LMP Automotive Holdings Inc., the used-car and vehicle subscription company that has aspirations to roll up dozens of dealerships, has closed on its first five franchised stores — two Kia stores in Florida and three dealerships in West Virginia.
The Fort Lauderdale, Fla., company, which went public in December 2019, said late Friday that it bought Kia stores in Port Charlotte and Cape Coral from Fuccillo Automotive Group. The two stores sit on a combined nearly 58 acres and provide room for reconditioning and vehicle storage.
It also completed purchases of West Virginia stores Beckley Buick-GMC Automall in Beckley, King Coal Chevrolet in Oak Hill and Hometown Kia in Mount Hope, plus three used-vehicle dealerships. LMP bought an 85 percent stake in the West Virginia stores. Ernie Davis and Lori Davis were the owners of the two General Motors stores.
The closings, part of the company's first stage of acquisitions, comes after two other planned acquisitions were terminated.
"This is a transformative event for LMP as we are officially a part of the elite public franchise dealership group," LMP COO Richard Aldahan said in a statement.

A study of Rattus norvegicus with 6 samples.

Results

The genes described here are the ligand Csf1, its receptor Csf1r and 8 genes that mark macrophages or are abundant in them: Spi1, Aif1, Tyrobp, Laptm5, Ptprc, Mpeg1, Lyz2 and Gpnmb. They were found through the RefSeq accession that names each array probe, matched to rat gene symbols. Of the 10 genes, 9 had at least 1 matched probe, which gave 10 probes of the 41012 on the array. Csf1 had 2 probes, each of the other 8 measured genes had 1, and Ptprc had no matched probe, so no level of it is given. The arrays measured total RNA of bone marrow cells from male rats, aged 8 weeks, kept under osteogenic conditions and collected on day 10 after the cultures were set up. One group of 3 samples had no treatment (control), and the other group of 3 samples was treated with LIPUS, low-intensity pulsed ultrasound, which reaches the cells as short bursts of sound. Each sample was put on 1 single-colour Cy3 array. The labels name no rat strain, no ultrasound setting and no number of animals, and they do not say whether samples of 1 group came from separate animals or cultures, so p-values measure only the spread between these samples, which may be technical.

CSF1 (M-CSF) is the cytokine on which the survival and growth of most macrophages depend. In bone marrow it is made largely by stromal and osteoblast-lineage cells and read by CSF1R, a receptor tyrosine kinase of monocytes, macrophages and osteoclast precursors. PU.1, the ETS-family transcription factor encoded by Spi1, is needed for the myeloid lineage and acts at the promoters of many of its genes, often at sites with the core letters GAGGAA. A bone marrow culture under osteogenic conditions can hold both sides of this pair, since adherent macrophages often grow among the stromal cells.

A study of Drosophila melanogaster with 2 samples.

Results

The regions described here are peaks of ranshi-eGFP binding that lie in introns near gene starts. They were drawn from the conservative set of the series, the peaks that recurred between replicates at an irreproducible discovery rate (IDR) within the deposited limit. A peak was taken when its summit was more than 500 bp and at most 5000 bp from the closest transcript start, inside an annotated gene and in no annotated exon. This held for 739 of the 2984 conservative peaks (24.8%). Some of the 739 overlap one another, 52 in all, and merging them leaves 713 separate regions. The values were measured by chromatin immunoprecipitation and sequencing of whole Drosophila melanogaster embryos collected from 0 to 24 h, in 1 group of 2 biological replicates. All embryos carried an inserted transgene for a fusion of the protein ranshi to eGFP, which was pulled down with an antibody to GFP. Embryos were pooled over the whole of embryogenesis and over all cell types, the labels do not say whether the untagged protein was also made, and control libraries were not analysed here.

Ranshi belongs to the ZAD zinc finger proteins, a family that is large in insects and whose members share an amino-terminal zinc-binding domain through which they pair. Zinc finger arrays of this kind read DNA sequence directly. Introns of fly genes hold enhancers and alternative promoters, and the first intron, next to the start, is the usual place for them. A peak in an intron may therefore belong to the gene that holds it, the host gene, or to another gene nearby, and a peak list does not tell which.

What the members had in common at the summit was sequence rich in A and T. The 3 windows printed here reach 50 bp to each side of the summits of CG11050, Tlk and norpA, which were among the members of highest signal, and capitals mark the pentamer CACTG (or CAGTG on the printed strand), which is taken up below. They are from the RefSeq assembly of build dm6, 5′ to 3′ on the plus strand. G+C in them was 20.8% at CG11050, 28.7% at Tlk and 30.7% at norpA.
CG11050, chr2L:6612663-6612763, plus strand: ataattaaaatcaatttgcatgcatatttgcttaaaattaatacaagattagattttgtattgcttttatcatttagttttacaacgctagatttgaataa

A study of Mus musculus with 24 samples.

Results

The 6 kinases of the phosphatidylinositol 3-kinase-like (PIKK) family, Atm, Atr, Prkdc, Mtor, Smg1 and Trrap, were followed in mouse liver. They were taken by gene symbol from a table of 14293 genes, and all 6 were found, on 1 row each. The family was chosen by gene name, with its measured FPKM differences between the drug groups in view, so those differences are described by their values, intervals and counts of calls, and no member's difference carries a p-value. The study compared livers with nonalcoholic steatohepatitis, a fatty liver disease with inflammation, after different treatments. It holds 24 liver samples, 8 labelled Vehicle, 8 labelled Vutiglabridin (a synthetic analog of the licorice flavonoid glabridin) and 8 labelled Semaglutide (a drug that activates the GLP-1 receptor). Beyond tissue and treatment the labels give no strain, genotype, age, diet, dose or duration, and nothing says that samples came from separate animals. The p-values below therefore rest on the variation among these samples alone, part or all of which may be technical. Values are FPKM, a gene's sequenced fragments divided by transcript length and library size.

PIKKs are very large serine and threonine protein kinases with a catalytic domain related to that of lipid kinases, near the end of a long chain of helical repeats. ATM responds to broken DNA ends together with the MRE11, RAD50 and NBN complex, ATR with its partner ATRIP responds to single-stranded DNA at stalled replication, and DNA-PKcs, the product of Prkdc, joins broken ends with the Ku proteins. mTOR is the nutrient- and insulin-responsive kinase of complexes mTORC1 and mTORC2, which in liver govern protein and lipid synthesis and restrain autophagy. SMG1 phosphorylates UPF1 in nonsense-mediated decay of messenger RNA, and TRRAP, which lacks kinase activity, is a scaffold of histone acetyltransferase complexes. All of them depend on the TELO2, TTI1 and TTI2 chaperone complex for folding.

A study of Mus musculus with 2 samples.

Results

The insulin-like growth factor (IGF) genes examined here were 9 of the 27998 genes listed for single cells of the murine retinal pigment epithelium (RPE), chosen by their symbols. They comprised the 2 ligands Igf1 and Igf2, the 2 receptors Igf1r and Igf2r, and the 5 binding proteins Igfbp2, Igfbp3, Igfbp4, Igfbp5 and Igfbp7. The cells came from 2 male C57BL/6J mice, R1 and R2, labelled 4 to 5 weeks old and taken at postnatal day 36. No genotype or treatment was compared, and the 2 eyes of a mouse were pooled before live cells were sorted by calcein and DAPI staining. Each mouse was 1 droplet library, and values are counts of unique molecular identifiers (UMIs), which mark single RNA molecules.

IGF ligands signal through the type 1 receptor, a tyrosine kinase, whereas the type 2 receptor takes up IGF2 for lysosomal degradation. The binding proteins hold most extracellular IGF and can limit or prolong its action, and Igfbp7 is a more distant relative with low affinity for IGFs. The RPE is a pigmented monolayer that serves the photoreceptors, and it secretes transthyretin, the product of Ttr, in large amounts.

LMP's stock closed down 9.7 percent at $16.15 on Monday in New York.
LMP joins a small list of six publicly traded franchised auto retailers. Asbury Automotive Group Inc. was the last to go public in 2002.
There are other publicly traded companies with franchised dealership holdings such as conglomerate Graham Holdings Co., which has three stores through a partnership with Chris Ourisman, president of Ourisman Automotive Group. And Warren Buffett's Berkshire Hathaway public conglomerate includes Berkshire Hathaway Automotive Inc., which has 81 dealerships.
Aldahan said LMP's remaining acquisitions in its first stage will close on a rolling basis "in the coming weeks."
The company has hit some bumps over the past few months. The retailer was to buy a majority stake in a Toyota store in Newnan, Ga., and eight Atlantic Automotive Group dealerships in New York, which it had halved in size citing manufacturer "geographic concentration issues."
LMP, which did not immediately disclose purchase prices for the dealerships, previously said the Kia stores would cost $36 million, plus $33 million in real estate.
Ryan Kerrigan, managing director of Kerrigan Advisors, a sell-side firm in Irvine, Calif., represented Fuccillo in the transaction.
"Florida is a red hot market," Kerrigan said, adding his firm has represented sellers in the sale of eight Florida dealerships in the past year.
Tim Lamb Group brokered the transaction of the West Virginia stores.